Any patient admitted to hospital is potentially at risk of developing a Deep Vein Thrombosis (DVT). This leaflet will explain what a DVT is, who is most at risk of getting one and what you can do to help reduce your risk. It will also tell you what symptoms might suggest the presence of a DVT and what you should do if you experience any of them. 

A contact telephone number and details of how to obtain further information are given at the end of the leaflet.

What is a DVT?
A DVT is a blood clot which forms in a deep vein, usually in the leg. Deep veins are large veins which transport blood to the heart. When a blood clot occurs, it forms a plug that can interrupt this blood flow.

Is a DVT serious?
A DVT may cause pain and swelling in the leg, which usually resolves with treatment. However, in some cases problems may develop as a result of poor blood flow through the legs such as pain, swelling and ulcers of the lower leg. 

In many cases, the initial DVT is ‘silent’ and does not cause any symptoms in the leg, causing problems only when a portion of the blood clot breaks off and travels through the blood stream and becomes lodged in the lungs. This is known as a Pulmonary Embolism (PE).

A PE usually causes chest pain, shortness of breath and coughing, sometimes with bloody phlegm, and sudden collapse.

In rare cases, a PE is fatal, and if you develop any of the above symptoms you should seek immediate medical attention.

Are you at risk of DVT?     
Many people think that going on a long aeroplane flight is a big risk factor for DVT development. Unfortunately the risk of developing a DVT following admission to hospital is far greater.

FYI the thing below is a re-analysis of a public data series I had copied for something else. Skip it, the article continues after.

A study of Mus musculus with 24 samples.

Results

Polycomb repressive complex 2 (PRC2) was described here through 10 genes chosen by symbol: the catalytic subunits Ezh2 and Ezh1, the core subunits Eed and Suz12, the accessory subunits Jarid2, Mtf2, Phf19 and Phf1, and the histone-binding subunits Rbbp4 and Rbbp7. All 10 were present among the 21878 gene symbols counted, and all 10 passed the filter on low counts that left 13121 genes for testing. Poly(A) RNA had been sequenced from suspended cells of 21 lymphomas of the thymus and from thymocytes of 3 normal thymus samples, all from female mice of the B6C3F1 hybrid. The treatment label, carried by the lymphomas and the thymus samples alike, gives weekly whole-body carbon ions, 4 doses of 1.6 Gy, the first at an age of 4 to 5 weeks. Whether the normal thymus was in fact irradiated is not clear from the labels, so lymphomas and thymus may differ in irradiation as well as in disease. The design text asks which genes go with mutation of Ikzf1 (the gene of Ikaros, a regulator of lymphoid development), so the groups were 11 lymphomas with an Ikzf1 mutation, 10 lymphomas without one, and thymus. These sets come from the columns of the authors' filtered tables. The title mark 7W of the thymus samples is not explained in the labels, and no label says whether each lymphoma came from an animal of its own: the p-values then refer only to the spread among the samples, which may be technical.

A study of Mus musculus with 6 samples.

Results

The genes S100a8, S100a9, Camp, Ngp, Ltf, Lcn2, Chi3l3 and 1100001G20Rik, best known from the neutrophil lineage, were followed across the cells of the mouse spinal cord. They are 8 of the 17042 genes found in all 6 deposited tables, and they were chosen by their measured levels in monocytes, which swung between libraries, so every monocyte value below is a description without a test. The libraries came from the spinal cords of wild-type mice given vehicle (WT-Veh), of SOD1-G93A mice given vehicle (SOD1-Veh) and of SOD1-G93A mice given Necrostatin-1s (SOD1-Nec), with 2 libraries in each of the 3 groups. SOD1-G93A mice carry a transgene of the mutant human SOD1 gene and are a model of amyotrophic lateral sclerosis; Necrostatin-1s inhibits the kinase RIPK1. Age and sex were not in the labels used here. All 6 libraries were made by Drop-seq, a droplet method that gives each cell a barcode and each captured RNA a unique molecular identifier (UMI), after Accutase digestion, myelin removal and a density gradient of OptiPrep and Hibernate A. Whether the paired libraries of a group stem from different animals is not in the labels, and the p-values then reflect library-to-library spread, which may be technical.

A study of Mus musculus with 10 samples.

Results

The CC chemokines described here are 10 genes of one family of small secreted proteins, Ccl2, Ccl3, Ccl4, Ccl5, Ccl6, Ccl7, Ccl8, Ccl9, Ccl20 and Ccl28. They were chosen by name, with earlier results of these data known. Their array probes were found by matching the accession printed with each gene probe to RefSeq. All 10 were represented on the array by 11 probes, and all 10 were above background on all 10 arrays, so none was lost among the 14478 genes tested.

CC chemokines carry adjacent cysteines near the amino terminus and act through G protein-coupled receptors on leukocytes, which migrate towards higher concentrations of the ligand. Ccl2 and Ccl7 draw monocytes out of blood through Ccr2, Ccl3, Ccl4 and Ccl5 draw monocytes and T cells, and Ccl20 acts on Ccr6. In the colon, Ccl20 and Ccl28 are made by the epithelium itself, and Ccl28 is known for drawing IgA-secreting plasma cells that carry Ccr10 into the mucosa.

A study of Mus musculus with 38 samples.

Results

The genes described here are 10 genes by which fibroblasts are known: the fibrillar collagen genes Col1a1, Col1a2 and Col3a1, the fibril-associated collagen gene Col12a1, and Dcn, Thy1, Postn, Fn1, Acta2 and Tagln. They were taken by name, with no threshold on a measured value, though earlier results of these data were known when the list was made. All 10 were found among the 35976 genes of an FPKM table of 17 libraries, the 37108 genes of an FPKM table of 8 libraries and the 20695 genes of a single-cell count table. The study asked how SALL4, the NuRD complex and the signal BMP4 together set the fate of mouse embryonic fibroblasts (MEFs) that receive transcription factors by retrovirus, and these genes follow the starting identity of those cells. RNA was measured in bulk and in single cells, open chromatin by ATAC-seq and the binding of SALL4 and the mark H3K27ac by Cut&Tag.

Can a DVT be prevented?
The good news is that the development of a DVT following an admission to hospital can be prevented in the majority of cases with safe and effective treatments. If any of the following risk factors apply to you, you should discuss DVT prevention with your doctor. You will then be assessed as to whether any treatments should be given in your particular case.

Risk factors for developing a DVT

  • You are immobile
  • You are over 60 years of age 
  • You have cancer or are receiving treatment for cancer 
  • You are taking hormone replacement therapy or a contraceptive that contains oestrogen
  • You are pregnant or have had a baby in the past 6 weeks
  • You are overweight 
  • You are going on a long-distance flight (more than 6 hours) following discharge from hospital
  • You have had a previous DVT or PE
  • You have a family history of DVT or PE
  • You have had surgery in the past 3 months

Your right to a DVT risk assessment
The Department of Health recommends that all adults who are admitted to hospital should be assessed for their risk of developing a DVT. If it is felt that the risk is increased then appropriate treatments should be prescribed. 

At Velindre, the treatment most commonly prescribed is one called dalteparin. 

What is Dalteparin?
Dalteparin is a blood thinning injection which helps prevent the formation of a DVT. It is a single, once daily, subcutaneous injection (which means it is injected beneath the skin). It is usually injected into a skin fold in your abdomen (stomach), or the upper part of your thigh.

Its main side effect is bruising at the site of injection.       

Discharge from hospital
The risk of developing a blood clot may persist for several months following discharge form hospital. It is important that you follow advice given to you upon discharge from hospital to reduce the risk of DVT occurring at a later stage. 
If you develop any symptoms that suggest you might have a DVT or PE, please seek immediate medical attention. 

Contact telephone numbers
If you would like any more information about dalteparin please speak to your doctor or pharmacist.
Pharmacy department - 029 2061 5888 ext 6223
Monday – Friday 9am – 5pm for queries about your medicines

Additional information can be obtained from Lifeblood the Thrombosis charity at 

This leaflet was written by health professionals.  The information contained in this leaflet is evidence based.  It has been approved by doctors, nurses and patients.